Back of Shoulder Pain: Your Neck May Be the Culprit!

by Chris Centeno, MD /

Two years ago, I went into work to see patients with a sensation that someone was pushing the back of my shoulder forward. I initially thought that it was a rib moving in a weird way, but it soon morphed into awful back of shoulder pain. For two weeks I was convinced this was a shoulder problem, but later I realized it was from my neck. Ultimately our physicians got rid of the issue using an injection of the growth factors from my own blood platelets, but not before several weeks of agony and inability to sleep. This blog is to help patients identify the causes for pain in this spot and avoid the misery of treating the wrong area!

The pain I had was epic. While I still went to work, I would be up most of the night trying any combination of pillows to find a comfortable position. Since I felt a stabbing and burning pain in the back of the shoulder, I was initially convinced that I had a shoulder problem. In fact, I would have placed a large bet on it, but subsequent treatment of my shoulder with platelet rich plasma injections did very little. When it occurred to me that it could be my neck, which was impacted as well, on a lark I asked one of our doctors to inject platelet lysate around my lower neck nerves on that side. I remember going home early that day and settling into bed with the first relief I had felt in weeks. It was magic and in that moment I knew we had found the spot. Later MRIs confirmed that I has cervical stenosis (likely from carrying around a relatively sizable head my whole life and lifting weights that were way too heavy for my frame), a condition where neck arthritis can press on nerves.

How could a pissed off nerve in the neck convince a physician he had a shoulder problem? We’ve known for a while that the lower neck joints (facets), when injured can refer pain to the back of the shoulder. In addition, this is also a common referral site for the lower neck nerves. Why? When we grow in our mother’s womb, these areas grow out of one another and the wiring of the neck and shoulder is still a bit mixed up together in adulthood. Hence, even though a neck nerve or joint is complaining, to the patient it feels like a shoulder problem. This phenomenon regrettably has launched many unnecessary shoulder surgeries through the years when some small incidental rotator cuff finding is seen on MRI and the patient ends up getting it surgically repaired only to continue to have pain in the same spot after surgery.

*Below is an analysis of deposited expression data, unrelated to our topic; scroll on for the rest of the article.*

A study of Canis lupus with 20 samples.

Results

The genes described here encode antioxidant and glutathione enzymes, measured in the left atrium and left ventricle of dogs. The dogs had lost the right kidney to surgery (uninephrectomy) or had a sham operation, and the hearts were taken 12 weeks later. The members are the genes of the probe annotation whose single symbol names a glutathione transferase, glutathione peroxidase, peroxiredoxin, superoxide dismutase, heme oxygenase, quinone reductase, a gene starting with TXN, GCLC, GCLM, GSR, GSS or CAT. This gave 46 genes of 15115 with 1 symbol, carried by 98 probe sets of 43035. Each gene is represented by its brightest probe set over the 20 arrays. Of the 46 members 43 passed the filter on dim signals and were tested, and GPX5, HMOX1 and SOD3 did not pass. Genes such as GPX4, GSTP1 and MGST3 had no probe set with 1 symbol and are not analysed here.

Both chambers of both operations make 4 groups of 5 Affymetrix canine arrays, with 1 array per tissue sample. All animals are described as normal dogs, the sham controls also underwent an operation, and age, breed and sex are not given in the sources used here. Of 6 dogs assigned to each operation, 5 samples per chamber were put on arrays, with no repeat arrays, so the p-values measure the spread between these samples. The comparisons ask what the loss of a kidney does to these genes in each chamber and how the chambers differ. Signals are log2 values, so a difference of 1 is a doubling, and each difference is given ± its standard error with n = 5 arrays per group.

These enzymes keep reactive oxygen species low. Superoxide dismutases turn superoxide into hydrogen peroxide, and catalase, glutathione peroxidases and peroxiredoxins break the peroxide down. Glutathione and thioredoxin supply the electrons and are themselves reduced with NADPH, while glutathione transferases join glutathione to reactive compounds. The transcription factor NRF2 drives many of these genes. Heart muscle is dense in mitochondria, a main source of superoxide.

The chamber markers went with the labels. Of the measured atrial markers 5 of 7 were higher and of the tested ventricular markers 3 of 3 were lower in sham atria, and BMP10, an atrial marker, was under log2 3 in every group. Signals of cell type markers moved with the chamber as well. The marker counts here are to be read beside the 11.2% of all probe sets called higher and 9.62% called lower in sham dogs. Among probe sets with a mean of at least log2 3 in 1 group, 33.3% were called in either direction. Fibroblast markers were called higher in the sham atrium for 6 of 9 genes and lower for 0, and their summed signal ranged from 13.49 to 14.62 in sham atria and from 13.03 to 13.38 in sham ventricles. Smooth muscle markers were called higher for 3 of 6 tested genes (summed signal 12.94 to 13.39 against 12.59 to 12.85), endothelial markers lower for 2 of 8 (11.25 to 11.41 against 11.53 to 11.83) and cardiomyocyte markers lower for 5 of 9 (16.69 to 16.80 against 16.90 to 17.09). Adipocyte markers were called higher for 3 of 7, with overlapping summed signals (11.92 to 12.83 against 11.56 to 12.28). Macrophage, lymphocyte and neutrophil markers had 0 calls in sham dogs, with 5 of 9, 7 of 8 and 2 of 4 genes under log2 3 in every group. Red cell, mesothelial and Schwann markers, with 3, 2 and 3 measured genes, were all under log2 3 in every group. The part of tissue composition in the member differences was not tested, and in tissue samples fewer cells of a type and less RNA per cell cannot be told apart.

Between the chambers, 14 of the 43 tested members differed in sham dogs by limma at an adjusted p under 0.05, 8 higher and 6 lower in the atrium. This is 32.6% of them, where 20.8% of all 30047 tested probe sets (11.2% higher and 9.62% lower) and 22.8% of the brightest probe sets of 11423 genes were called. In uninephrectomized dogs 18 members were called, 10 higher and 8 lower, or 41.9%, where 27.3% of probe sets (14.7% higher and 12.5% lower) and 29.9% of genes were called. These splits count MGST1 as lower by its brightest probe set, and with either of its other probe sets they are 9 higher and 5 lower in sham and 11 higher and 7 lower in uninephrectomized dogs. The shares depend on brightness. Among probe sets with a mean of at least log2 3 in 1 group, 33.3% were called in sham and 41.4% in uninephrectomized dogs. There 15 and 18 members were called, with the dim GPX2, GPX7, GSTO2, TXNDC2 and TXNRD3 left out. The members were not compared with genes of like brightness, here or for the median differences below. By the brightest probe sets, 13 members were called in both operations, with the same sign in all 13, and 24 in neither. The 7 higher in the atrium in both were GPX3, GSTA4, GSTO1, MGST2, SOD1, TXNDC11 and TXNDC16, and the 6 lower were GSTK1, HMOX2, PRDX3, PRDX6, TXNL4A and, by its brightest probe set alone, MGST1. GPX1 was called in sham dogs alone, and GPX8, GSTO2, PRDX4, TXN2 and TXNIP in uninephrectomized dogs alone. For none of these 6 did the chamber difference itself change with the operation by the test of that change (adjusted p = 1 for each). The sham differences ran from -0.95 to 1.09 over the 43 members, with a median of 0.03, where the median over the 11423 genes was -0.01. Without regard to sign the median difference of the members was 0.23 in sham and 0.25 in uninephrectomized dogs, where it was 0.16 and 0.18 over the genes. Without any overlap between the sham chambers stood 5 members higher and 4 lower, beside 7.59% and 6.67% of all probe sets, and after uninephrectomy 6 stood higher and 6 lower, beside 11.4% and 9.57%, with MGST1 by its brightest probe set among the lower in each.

The upshot? The body can be strange at times. Always remember that where it hurts, may or may not be where the damage is located. If you have pain in the back of the shoulder and treatment there is doing nothing, start asking your doctor to take a closer look at your neck, you might be very glad you did as there’s nothing like that moment when the right stuff gets injected into the right spot and you finally know you’re on the mend!


  1. Jim Murray

    I have severe arthritis in my neck. Would a stem cell procedure be able to alleviate the pain?

    1. Regenexx Team

      Jim,
      Neck pain from arthritis is something we treat regularly. As you can see from the blog, the trick is an accurate diagnosis of exactly what’s causing the pain and treating those things before they create bigger problems. This section of the website will give you an idea of we how we treat neck issues:http://www.regenexx.com/the-regenexx-procedures/back-surgery-alternative/ If you’d like to have one of our physicians review your case with you by phone, please fill out the “Am I a Regenexx candidate” form on that page. Let us know if we can be of further assistance. Hoping you feel better soon!

Chris Centeno, MD

Regenexx Founder

Chris Centeno, MD is a specialist in regenerative medicine and the new field of Interventional Orthopedics. Centeno pioneered orthopedic stem cell procedures in 2005 and is responsible for a large amount of the published research on stem cell use for orthopedic applications.